The Maymūnah Stone (Maltese: il-Ġebla ta' Majmuna or il-Ħaġra ta' Majmuna, Arabic: شاهد قبر ميمونة) is a 12th-century marble tombstone (of Roman origins) which is believed to have been discovered in Xewkija, Gozo, Malta. According to judge and historian Giovanni Bonello, the Majmuna Stone is a "spectacular visual relic of the Islamic presence in Malta." It is now exhibited in the Gozo Museum of Archaeology at the Cittadella of Victoria, Gozo.
|Writing||Kufic Arabic script|
|Created||1174 (marble reuse of Roman period)|
|Discovered||Unknown, possibly near Xewkija and Sannat, Gozo, Malta|
|Present location||Gozo Museum of Archaeology|
The marble stone was originally used in the Roman period as its backside indicates. A relief in the form of a rose was sculpted in the Roman architectural style. It was later reused as a tombstone. It is the only islamic funerary stone in Malta of its period to be still intact in its original size and the only one which gives a date.
The Majmuna Stone is the tombstone of a girl called Majmuna, who died on 21 March 1174. It is a marble slab which has Roman decorations on the back (such reuse was a common occurrence in Islamic North Africa). The Kufic Arabic inscription approximately translates to:
God is great and eternal and He has decreed that his creatures should perish. Of this the prophet of Allah bears witness.
This is the tomb of Maymūnah, daughter of Hassān, son of ‘Ali al-Hudali, known as Ibn as-Susi. She died – Allah's mercy be upon her – on Thursday 16th day of the month of Sha'ban in the year 569, professing that there is only one God who has no equal.
Look around you! Is there anything everlasting on earth; anything that repels or casts a spell on death? Death robbed me from a palace and, alas, neither doors nor bolts could save me. All I did in my lifetime remains, and shall be reckoned.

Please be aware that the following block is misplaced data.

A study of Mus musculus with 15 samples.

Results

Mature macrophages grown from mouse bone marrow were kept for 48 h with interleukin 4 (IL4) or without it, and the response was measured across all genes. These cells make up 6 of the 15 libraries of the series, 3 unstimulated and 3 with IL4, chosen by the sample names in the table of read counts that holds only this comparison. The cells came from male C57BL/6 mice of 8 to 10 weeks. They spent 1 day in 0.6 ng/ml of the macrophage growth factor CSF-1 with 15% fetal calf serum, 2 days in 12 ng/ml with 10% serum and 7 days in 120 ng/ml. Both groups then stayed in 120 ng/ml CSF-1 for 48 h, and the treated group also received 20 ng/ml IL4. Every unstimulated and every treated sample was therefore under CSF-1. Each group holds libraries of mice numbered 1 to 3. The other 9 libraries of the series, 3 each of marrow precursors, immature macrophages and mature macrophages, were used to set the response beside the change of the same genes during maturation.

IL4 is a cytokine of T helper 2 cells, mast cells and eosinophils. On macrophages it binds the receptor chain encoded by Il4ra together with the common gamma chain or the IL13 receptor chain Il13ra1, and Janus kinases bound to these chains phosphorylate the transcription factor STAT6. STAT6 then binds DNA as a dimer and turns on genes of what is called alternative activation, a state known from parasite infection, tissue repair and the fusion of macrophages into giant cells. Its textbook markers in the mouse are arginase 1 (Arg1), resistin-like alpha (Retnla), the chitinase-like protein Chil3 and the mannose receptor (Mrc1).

Oh he who looks upon this tomb! I am already consumed inside it, and dust has settled on my eyes. On my couch in my abode there is nothing but tears, and what is to happen at my resurrection when I shall appear before my Creator? Oh my brother, be wise and repent.
The inscription is dated 1174, almost a century after the Norman invasion of Malta in 1091. It is believed that Islam remained the dominant religion in Malta until the Muslims were expelled in 1224.
The date and location of discovery of the Majmuna Stone are unknown. It is traditionally held that the stone was found in an area known as Ta' Majmuna, between the Gozitan villages of Xewkija and Sannat. However, it is also possible that the stone was not found in Malta at all, and it might originate from Tunisia, North Africa.
In his 1772 book Malta illustrata ovvero descrizione di Malta isola del Mare Siciliano e Adriatico, Count Giovannantonio Ciantar wrote about the stone and illustrated it, but he was not able to decipher its writing. Ciantar wrote that the tombstone was located in the courtyard of a private residence.
In 1799, during the Maltese uprising against French occupation, Paul I of Russia sent the diplomat Andrey Italinski to ensure the insurgents that they had Russian protection. Italinski examined the stone during his stay in Malta, and was the first person who managed to decipher part of its inscription.
In an undated early 19th century scrapbook, Father Giuseppe Carmelo Gristi recorded that the stone was discovered "in Malta," and was preserved at Baron Muscat's residence in Valletta. By 1839, the stone belonged to the Xara family, and it was eventually passed down to Baron Sir Giuseppe Maria de Piro. In 1845, de Piro donated it to the Public Library.